A rise in complaints about police handling of protests and demonstrations had not made positions in the force any less popular with job hunters, said the chief inspector at a recruitment event held yesterday.
Some 1,600 applicants attended Police Recruitment Day at police headquarters in Wan Chai, 600 fewer than at last year's event. Chief Inspector Matthew Mak Bo-yin was confident that the police force would meet the target for the 2013-14 fiscal year - 990 constables and 210 inspectors.
The number of applicants varied along with the number of graduates and others in the workforce, he explained.
"We have been doing pretty well so far," Mak said, adding that the recruitment division had already recruited 45 inspectors and 390 constables.
Recently student activists have accused police officers of abusing their power at a protest against Chief Executive Leung Chun-ying, adding to the rising number of complaints about police behaviour at protests.
Applicant Liu Man Lok said he did not believe the majority of Hongkongers were losing confidence in police service.
"Though some Hongkongers are dissatisfied with the police force, I think it's the prejudice of certain people," Liu said.
Fellow applicant Keith Au Yeung Wai-kit said the police should be open and tolerant when dealing with protesters.
"Hong Kong enjoys freedom of expression. So they all have the right and the freedom to demonstrate," Au Yeung said.
He added that the police, as members of the civil service, were politically neutral, and had the "professional mindset" to do "what they have to do" when dealing with those protesting against the government.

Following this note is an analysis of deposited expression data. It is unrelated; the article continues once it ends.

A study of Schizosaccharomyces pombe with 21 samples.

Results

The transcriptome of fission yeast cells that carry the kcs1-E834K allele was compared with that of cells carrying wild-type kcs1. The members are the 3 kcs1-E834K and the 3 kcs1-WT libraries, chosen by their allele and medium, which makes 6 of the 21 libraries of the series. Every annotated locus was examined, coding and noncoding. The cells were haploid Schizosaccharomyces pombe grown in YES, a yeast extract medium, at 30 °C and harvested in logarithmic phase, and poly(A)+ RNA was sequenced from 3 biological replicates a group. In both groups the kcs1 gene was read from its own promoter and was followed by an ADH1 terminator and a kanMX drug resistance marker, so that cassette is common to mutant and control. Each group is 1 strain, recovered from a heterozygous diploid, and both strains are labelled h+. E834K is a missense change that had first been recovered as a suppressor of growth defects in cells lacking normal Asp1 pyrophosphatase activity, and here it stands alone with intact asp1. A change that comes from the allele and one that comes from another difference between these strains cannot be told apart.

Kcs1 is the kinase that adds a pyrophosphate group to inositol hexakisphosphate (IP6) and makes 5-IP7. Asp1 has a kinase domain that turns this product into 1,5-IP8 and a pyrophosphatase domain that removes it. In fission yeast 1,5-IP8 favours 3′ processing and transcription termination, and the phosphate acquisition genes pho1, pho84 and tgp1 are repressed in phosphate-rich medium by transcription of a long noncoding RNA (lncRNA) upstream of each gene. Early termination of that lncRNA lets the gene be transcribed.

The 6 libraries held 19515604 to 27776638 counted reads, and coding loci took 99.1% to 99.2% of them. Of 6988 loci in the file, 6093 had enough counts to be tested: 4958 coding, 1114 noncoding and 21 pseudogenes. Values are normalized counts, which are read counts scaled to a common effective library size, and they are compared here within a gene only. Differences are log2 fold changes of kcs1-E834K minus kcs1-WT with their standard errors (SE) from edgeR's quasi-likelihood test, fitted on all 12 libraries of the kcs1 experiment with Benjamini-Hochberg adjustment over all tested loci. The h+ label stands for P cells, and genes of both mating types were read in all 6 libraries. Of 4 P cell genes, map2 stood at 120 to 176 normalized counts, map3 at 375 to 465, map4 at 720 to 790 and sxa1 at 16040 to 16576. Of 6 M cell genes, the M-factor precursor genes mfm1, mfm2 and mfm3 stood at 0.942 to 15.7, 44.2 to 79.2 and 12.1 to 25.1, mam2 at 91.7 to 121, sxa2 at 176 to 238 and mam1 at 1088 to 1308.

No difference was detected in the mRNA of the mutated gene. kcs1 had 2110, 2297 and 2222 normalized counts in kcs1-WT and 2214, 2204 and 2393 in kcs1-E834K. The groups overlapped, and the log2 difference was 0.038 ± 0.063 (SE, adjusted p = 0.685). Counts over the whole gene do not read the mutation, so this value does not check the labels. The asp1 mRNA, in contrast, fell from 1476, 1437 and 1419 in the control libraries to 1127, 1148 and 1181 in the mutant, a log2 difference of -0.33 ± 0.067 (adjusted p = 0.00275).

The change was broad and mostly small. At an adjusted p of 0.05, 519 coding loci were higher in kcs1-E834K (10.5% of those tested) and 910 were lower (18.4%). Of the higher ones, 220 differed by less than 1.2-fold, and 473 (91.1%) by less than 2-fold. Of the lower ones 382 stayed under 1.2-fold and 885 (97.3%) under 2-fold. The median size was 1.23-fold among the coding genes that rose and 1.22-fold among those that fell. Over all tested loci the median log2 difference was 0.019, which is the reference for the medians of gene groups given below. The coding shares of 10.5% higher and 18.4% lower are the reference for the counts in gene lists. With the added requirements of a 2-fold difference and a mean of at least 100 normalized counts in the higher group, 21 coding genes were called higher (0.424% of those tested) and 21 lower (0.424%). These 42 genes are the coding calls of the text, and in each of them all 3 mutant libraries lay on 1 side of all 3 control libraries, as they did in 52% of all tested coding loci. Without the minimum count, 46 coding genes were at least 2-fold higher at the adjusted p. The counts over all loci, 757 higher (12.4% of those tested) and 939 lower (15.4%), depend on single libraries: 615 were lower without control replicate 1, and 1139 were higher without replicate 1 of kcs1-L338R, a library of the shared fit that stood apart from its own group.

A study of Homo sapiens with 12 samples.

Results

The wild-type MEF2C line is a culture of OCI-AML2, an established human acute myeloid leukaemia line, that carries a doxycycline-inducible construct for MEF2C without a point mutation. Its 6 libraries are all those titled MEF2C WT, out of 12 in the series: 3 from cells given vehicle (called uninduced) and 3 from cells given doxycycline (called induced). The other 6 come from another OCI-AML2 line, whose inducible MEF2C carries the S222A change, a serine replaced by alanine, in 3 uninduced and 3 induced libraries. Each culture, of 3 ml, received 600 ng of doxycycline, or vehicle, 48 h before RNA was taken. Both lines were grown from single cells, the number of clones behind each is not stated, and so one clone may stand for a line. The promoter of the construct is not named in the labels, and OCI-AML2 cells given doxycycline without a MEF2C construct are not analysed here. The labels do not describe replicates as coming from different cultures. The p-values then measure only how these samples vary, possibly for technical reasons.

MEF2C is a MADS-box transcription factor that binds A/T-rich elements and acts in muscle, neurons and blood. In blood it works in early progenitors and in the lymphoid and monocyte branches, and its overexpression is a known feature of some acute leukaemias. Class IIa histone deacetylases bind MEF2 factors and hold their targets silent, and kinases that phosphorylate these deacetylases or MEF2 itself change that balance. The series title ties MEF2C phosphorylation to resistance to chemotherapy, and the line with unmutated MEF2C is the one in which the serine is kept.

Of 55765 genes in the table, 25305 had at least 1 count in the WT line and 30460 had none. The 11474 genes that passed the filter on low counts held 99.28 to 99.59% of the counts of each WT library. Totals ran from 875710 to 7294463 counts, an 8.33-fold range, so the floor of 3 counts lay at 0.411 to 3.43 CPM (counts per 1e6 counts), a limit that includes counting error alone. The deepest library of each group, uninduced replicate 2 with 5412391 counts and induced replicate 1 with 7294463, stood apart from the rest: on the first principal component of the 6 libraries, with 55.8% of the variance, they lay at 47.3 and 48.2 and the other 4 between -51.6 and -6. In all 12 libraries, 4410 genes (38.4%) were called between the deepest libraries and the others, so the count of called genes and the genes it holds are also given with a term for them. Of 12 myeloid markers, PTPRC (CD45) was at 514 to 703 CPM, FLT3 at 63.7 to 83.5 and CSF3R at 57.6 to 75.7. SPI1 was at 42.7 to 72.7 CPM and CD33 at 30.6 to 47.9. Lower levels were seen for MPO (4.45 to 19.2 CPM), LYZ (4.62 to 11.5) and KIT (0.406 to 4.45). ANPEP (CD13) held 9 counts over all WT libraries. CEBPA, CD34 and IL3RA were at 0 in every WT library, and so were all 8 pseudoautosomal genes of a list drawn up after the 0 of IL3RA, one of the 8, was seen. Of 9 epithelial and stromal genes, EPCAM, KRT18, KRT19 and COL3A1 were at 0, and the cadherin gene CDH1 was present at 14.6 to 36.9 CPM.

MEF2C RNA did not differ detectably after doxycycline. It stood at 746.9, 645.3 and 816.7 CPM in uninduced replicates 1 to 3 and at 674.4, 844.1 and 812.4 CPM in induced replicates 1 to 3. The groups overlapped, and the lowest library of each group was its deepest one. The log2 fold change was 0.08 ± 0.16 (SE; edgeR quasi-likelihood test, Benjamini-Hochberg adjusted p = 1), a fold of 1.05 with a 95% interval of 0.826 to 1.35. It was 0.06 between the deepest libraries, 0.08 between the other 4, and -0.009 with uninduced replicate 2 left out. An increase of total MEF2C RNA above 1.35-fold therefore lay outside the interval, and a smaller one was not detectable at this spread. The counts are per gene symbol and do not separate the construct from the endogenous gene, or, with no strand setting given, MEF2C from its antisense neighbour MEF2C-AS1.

As a number of police officers recruited in the 1980s were reaching retirement age, the force would need to prepare for those vacancies, Mak said.
"On average the recruitment division has received 16,000 applications a year in the past couple of years, which is enough to meet our needs."
Mak said the force was looking for people with good communications skills and emotional control.
About 20 to 30 per cent of the applicants were female. One of these, Iris Lui Pui-shan, said women had advantages as they had a "better sense of empathy and understanding".
"After all, policing is a job that is really people-oriented," said Lui, who recently graduated from Hong Kong Polytechnic.
The event provided initial screening and group interviews. Successful applicants will move on to further selection procedures including basic law and physical fitness tests.
The successful applicants could start their training at Police College in October.
Aside from recruitment events, online applications are available throughout the year.